Planets visible to the naked eye
From April 8 to 22, 2019
Mercury is in the midst of a poor morning apparition. The tiny planet is located a few degrees to the lower left of Venus, but it is too low on the horizon and too faint to be easily visible in the glow of sunrise.
Venus, the dazzling Morning Star, appears very low in the east at dawn. It emerges above the horizon less than an hour before sunrise; 30 minutes before sunrise, it stands only about 4 degrees high. On the morning of May 1, the thin lunar crescent lies about 14 degrees to the right of the Venus.
Mars is still receding from Earth and slowly fading. Despite this, the Red Planet remains an easily identifiable object: it appears at dusk about 30 degrees high in the west, and sets in the west-northwest after 11:30 p.m. Don’t confuse it with Aldebaran, a few degrees to its left, a star whose colour is very similar to the Red Planet, but slightly brighter. Mars moves rapidly with respect to the background stars and constellations: use the nearby Pleiades and Hyades clusters as a reference. On the evening of April 8, the waxing crescent moon hangs 7 degrees below the Red Planet, with the two star clusters on either side.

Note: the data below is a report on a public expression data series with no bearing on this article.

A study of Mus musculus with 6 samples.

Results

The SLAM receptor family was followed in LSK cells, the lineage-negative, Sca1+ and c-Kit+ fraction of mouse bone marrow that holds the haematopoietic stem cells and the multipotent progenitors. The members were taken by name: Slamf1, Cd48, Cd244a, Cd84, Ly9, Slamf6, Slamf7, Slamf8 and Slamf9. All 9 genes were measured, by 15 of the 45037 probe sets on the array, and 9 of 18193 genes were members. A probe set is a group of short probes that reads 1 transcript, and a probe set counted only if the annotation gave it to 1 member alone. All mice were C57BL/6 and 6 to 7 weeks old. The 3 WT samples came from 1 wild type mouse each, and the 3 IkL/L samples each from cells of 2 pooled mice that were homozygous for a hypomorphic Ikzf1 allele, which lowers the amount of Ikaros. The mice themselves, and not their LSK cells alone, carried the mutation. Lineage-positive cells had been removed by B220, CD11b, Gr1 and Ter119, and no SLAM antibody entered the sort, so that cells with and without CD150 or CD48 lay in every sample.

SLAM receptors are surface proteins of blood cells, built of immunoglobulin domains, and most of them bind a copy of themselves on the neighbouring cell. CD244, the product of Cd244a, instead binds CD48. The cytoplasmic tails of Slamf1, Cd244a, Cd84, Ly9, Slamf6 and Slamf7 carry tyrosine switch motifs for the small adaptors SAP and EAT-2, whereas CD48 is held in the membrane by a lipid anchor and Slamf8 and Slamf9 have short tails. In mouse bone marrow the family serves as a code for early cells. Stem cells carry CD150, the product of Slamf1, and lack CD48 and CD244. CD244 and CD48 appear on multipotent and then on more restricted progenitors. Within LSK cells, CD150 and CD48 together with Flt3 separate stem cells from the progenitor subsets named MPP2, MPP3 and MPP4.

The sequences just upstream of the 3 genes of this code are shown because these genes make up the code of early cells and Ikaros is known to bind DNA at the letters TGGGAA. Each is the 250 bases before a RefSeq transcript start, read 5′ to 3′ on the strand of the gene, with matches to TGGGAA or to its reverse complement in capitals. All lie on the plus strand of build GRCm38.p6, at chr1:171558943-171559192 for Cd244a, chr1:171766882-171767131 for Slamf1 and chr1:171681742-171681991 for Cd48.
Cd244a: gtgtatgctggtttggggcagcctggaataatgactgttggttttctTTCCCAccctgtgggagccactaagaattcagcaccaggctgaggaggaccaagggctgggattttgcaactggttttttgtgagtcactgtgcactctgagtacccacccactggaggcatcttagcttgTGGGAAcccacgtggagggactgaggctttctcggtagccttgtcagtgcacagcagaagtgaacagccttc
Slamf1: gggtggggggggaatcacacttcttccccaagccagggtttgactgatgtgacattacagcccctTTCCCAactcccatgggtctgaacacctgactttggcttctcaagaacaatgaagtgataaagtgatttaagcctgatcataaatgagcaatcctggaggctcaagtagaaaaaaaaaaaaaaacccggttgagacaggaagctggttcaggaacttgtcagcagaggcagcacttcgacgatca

Jupiter shines brightly in the south-southeast at the end of the night and at dawn. The Giant Planet rises in the southeast around 12:30 a.m. and gradually climbs in the sky, culminating at dawn some 22 degrees above the southern horizon. On the morning of April 23, the waning gibbous Moon hangs less than 2 degrees to the upper right of Jupiter.
Saturn is visible at the end of the night and at dawn. The Ringed Planet emerges in the southeast around 2:30 a.m.; by the time the horizon begins to take on some colours (about one hour before sunrise) we find Saturn some 20 degrees high in the southeast. On the morning of April 25, the waning gibbous Moon shines 3 degrees to the right of Saturn.